PRINCETON — Family members continue the restoration work at Searls Ridge Cemetery, with a recent workday and reunion.
Dorrie Simon, family historian, said the new sign was erected Sept. 19, during a family workday at the cemetery, which is located in Selby Township east of Princeton. The sign was formally dedicated the next day by about 100 family members who had come to celebrate the 175th anniversary of the Searl family’s settlement in Bureau County.
Simon designed the new sign, writing the copy with input from family. Information on the sign includes brief histories of the cemetery land, the cemetery itself, the Ridge school and Ridge chapel, and the house built by Simon’s third-great grandfather Brown Searl. That house, built about 1856, is one of the oldest farm houses in Bureau County and was the home of Brown Searl’s family until the late 1800s, Simon said.
The cost of the new sign was paid through donations and family fundraising efforts, Simon said. Some of those fundraisers included family cookbooks, tote bags, Searl’s Ridge hats, and homemade wild plum jam. Other fundraisers included the sale of custom boxes filled with trail mix and baking mix jars of a Searl family favorite bar. Simons’ husband, Steve, made and donated the steel posts for the sign, as well as put them in a cement base.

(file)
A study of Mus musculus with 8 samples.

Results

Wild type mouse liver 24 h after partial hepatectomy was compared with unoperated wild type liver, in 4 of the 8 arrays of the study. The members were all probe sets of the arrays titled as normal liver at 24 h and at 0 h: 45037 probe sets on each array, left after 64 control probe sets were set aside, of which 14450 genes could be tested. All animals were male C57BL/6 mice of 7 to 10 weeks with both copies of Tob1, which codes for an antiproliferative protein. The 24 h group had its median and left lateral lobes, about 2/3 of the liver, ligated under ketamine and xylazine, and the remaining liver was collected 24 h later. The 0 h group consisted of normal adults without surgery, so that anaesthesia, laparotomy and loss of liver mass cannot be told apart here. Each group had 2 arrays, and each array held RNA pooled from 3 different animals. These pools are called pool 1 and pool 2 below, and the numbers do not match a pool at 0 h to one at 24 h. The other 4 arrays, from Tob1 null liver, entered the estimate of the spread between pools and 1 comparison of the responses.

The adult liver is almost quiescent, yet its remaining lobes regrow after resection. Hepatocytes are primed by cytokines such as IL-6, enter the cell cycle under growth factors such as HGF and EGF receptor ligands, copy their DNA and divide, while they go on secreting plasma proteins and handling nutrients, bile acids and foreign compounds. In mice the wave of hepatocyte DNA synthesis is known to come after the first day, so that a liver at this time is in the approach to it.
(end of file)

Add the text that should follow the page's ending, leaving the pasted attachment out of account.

To chronicle the history of her family, Simon has also written “The Searl Dozen,” having sold nearly 100 copies. Several of the books have been donated to area societies and libraries.
Looking at the Searls Ridge cemetery restoration project which started in September 2007, Simon said it is important to her that her family history be preserved for future generations and that people realize cemeteries are like outdoor history museums.
“When cemeteries are ignored and allowed to deteriorate, and markers are damaged or destroyed, society as a whole loses important information about our past,” Simon said. “Ultimately, an important part of ourselves is lost.”
Preservation efforts are more successful and vandalism decreases, when adults and children become familiar with the families buried in the cemeteries as well as those families’ contribution to history, Simon said.
On a personal note, Simon said she wants to show respect to her ancestors for what they accomplished and what they contributed to who she is today. There will come a time when her grave will be the one in that cemetery, Simon said.
“Someday in the future, I hope someone steps up to the plate when my gravestone is dirty, broken and illegible and says, ‘You mattered, you were important, and I won’t let you be forgotten to the ravishes of time and indifference’,” Simon said.